Proposed superfund settlement plan irks officials

By Marlena Hartz: CNJ staff writer

A preliminary federal report that recommends a cash settlement for environmental damage in Clovis be invested more than a hundred miles away has ruffled several local officials.

The state and federal report recommends a $459,000 settlement from Burlington Northern Santa Fe Railway be used for the restoration of approximately 43 acres of wetland habitat at Bottomless Lakes State Park in Roswell, although BNSF compromised land and wildlife in Clovis.

“It makes me sick,” Clovis City Commissioner Randy Crowder said. “They are taking funds settled for our community and spending them in another community.”

For years, BNSF dumped wastewater from its operations into a playa lake about a mile south of its railroad yard in Clovis, according to the report. In the 1970s, the Environmental Protection Agency discovered heavy metal, cyanide and other hazardous substances in and surrounding the lake.

Migratory birds, waterfowl, and other wildlife dependent upon the lake were physiologically injured from the contaminants and lost a chunk of useable habitat, according to the Environmental Protection Agency.

The U.S. Fish and Wildlife Service and the New Mexico Office of Natural Resources Trustee released the Draft Natural Resources Restoration Plan and Environmental Assessment for that site — named the Atchison, Topeka and Santa Fe Railway New Mexico Superfund Site — in September.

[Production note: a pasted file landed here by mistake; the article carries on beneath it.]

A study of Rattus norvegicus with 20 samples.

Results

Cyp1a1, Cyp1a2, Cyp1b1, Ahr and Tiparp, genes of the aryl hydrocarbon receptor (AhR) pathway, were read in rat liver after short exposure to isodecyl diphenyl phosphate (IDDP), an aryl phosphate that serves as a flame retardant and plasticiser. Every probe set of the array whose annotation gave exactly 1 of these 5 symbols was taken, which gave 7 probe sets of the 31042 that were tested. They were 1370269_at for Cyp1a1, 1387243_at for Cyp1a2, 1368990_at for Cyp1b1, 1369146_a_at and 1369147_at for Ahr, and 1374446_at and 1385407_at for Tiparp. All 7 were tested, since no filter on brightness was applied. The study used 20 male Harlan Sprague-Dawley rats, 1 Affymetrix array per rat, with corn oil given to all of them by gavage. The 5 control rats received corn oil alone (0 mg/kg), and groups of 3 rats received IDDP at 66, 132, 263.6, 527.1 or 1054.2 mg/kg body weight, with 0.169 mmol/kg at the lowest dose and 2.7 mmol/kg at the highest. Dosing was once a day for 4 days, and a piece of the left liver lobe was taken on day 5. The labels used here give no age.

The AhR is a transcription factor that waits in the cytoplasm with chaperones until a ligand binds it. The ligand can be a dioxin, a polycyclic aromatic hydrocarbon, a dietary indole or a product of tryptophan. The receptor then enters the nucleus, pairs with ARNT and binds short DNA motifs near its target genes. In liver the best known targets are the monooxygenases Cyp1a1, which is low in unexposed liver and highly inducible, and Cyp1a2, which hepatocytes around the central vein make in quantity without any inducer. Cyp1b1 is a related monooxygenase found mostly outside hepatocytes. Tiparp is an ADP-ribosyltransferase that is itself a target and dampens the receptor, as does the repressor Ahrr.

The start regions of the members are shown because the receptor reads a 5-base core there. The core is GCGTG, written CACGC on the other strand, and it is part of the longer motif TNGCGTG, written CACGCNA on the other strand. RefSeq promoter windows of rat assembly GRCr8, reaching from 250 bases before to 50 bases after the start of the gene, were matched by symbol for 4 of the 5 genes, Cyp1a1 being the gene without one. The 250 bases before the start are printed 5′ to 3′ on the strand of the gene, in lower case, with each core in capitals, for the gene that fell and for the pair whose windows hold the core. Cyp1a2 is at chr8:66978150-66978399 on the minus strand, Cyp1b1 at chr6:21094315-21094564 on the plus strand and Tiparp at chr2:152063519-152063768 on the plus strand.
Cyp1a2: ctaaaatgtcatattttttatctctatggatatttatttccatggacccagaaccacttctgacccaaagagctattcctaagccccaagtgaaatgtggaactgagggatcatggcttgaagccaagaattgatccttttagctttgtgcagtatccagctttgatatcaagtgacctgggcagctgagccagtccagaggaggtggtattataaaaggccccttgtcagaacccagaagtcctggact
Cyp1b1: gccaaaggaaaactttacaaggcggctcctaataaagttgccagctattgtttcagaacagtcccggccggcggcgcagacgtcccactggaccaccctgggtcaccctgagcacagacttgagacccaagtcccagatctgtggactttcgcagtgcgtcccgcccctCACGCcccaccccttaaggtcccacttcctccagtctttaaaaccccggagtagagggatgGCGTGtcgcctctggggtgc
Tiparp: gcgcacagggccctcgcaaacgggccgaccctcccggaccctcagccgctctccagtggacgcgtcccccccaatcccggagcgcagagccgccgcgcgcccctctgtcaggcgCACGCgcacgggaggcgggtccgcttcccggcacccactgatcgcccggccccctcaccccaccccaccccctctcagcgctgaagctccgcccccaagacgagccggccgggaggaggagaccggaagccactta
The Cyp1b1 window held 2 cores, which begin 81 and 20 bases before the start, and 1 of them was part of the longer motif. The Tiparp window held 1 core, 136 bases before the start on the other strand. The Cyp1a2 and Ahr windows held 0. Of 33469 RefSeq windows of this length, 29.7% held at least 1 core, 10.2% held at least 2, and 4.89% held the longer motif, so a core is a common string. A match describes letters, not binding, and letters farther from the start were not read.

Their report considers an array of alternatives that would “restore, replace, and/or acquire the equivalent of natural resources injured, destroyed or lost as a result of the release of hazardous substances at or from the Clovis site,” a copy of the draft reads.

An estimated 187,000 cubic yards of contaminated soil, sediment and water at the Superfund site have already been cleaned up by BNSF. Native grasses and water at the site have also been restored.
The Department of Justice ruled BNSF incur the cost of an additional restoration project, however.

Two Clovis restoration alternatives — the creation of a bird viewing platform at Ingram Lake and the creation of a lake for recreational, fishing, boating and wildlife purposes at Ned Houk Park — are dismissed in the report. City administrators proposed the alternatives, according to Clovis City Manager Joe Thomas.

The report deems the Ingram Lake alternative failed to meet the definition of habitat improvement and restoration and the Ned Houk alternative was too expensive, too recreational in nature, and could jeopardize the environment.

Alternatives pitched for Curry County, Portales and Hobbs are also discarded in the report.

The Roswell alternative “has clear overall benefits to the environment,” the report reads. Because it fits most closely with federal and state restoration criteria, it is recommended above other alternatives, the report reads.

That conclusion puzzles local officials.

“The location of Superfund site is here in Curry County. I am a little perplexed that they wouldn’t bring the funds to this area,” Thomas said.

“The dollars associated with that penalty should be spent in Curry County,” Sen. Clint Harden, R-Clovis, said.

The draft is available online at: www.fws.gov./ifw2es/Library.
Comments concerning it will be accepted until Nov. 13 and can be sent to: The U.S. Fish and Wildlife Service, Southwest Regional office, Ecological Services, P.O. Box 1306, Room 4012, Albuquerque, NM 87101, Attention: Laila Lienesch.